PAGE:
Meet the New Fox: Just Like the Old Fox

by Tanta on 9/09/2007 11:37:00 AM

This isn't going to work out well:

Joe Waltuch, the new head of the Nevada Mortgage Lending Division, defended the subprime mortgage industry and downplayed the foreclosure crisis in his first interview.

Although he acknowledged a problem, he said, "You're missing the positive side of all this."

Subprime loans - high interest loans given to people with spotty credit histories - represent just 15 percent of the market, he said. Only 1.5 percent of all mortgages, he said, will end up in foreclosure: "Everybody seems to think we need to protect the 1,500 at the expense of the 98,500 good loans."

"We put a lot of people in homes who wouldn't otherwise be in homes," he said.

The comments were counterintuitive. . . .

It should come as no surprise, though, that Waltuch would defend the subprime lending industry.

He spent seven years as an in-house lawyer for a large subprime lender, with his last position as vice president and senior counsel for regulatory and legislative affairs at New Century Financial Corp., an Irvine, Calif., based subprime lender, once the second largest in the country but now defunct and the target of a criminal investigation.

His appointment, made by Mendy Elliott, who is Gov. Jim Gibbons' director of the Business and Industry Department, has been widely panned by Republicans and Democrats alike.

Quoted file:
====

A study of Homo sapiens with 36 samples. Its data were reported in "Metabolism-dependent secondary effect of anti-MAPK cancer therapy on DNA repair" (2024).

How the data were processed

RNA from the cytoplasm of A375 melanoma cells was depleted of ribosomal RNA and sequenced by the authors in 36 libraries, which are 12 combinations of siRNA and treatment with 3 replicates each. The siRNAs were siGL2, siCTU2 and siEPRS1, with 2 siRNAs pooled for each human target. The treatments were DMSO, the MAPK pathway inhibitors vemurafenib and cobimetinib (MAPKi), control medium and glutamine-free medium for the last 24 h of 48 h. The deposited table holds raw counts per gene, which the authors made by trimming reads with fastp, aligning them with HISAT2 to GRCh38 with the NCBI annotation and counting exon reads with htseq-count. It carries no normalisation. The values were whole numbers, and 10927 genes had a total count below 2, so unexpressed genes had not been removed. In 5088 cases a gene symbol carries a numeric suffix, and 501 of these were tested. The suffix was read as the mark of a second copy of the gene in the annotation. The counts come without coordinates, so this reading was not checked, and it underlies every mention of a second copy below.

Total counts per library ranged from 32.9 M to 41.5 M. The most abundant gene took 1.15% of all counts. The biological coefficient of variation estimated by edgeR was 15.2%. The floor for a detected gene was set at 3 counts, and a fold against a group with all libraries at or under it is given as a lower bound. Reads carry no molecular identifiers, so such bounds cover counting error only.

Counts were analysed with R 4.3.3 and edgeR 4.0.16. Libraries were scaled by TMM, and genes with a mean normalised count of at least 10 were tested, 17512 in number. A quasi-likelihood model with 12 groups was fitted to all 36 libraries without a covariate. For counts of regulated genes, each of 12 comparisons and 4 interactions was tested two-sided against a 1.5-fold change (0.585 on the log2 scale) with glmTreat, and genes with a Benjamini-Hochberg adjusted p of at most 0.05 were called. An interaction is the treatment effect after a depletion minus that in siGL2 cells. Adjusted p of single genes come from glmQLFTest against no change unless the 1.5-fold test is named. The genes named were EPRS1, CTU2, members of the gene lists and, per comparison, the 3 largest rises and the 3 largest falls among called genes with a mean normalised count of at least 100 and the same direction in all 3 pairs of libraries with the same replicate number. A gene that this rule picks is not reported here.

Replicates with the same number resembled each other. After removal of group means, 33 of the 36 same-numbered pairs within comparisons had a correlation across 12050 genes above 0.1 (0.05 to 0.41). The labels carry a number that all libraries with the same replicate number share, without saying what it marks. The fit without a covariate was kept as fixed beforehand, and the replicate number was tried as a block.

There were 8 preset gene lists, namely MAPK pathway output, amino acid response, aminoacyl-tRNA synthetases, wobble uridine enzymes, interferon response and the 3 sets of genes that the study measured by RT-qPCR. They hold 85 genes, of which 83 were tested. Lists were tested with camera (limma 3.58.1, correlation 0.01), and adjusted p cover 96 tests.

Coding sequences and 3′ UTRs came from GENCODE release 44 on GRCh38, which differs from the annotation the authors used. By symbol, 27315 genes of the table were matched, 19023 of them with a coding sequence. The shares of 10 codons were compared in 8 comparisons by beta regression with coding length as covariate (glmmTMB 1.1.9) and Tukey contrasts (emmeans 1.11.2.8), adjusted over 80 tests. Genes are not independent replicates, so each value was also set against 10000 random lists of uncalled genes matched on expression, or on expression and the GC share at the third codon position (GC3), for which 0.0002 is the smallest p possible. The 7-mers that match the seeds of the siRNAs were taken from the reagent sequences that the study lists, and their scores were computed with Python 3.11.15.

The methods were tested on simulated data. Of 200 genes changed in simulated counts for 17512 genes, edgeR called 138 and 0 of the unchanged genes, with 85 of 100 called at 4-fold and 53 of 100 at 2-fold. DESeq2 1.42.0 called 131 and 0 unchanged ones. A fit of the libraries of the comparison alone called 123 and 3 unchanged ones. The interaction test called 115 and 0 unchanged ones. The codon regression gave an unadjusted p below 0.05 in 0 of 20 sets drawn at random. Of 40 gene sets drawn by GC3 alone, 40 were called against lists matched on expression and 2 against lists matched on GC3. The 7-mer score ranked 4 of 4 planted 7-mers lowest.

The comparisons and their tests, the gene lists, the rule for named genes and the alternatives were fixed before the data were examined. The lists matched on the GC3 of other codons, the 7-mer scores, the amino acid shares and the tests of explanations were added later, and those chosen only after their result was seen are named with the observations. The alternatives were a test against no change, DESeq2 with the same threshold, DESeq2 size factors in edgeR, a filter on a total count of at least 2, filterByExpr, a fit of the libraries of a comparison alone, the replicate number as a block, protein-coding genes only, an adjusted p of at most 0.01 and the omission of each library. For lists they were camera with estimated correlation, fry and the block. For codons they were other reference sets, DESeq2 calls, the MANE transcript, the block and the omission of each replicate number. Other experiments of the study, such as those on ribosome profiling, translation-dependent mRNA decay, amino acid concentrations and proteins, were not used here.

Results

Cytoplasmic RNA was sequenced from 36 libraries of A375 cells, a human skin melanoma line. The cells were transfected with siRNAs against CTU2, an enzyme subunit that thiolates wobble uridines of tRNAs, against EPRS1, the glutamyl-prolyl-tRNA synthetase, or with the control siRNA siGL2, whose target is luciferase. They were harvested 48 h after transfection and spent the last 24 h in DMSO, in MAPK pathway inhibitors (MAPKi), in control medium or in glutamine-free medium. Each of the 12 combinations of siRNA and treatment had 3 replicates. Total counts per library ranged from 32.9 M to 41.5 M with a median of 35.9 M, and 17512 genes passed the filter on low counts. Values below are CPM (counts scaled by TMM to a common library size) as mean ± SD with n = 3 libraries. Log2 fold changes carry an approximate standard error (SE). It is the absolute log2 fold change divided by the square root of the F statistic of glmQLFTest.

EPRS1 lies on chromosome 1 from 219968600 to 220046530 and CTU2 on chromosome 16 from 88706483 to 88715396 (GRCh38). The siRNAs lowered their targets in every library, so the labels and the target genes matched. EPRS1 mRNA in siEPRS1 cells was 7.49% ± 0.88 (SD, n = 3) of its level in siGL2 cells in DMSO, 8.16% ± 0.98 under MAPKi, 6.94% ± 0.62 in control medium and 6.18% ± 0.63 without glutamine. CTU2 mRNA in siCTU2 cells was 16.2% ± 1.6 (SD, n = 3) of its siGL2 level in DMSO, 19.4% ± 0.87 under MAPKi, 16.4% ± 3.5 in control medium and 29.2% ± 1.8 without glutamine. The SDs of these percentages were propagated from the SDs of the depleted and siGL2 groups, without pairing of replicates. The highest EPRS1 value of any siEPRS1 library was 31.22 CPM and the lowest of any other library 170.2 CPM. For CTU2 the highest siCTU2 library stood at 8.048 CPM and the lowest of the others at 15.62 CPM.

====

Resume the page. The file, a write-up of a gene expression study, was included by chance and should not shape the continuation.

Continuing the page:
They're baffled that Gibbons and Elliott would turn to a failed subprime mortgage company official to regulate Nevada's troubled home loan industry.

"It's a terrible appointment. It's mind-boggling," said a prominent Republican in the mortgage industry who asked not to be named , fearing retribution. Republicans are especially bothered, as the appointment follows several flops during Gibbons' young tenure.
Yeah, well, it's "counterintuitive" now. There was a time, oh, a few months ago, when not everybody's intuitions were saying the same thing.

After all we had one Austan Goolsbee, respected academic economist and, I understand, advisor to Barack Obama's campaign, saying this back in March:
[T]he mortgage market has become more perfect, not more irresponsible. People tend to make good decisions about their own economic prospects. As Professor Rosen said in an interview, “Our findings suggest that people make sensible housing decisions in that the size of house they buy today relates to their future income, not just their current income and that the innovations in mortgages over 30 years gave many people the opportunity to own a home that they would not have otherwise had, just because they didn’t have enough assets in the bank at the moment they needed the house.” . . .

And do not forget that the vast majority of even subprime borrowers have been making their payments. Indeed, fewer than 15 percent of borrowers in this most risky group have even been delinquent on a payment, much less defaulted.

When contemplating ways to prevent excessive mortgages for the 13 percent of subprime borrowers whose loans go sour, regulators must be careful that they do not wreck the ability of the other 87 percent to obtain mortgages.

For be it ever so humble, there really is no place like home, even if it does come with a balloon payment mortgage.
It was bipartisan Kool Aid then, and it's bipartisan Kool Aid now. I truly wonder how many business reporters found Goolsbee's op-ed "counterintuitive" back before "the subprime crisis" became everybody's headline.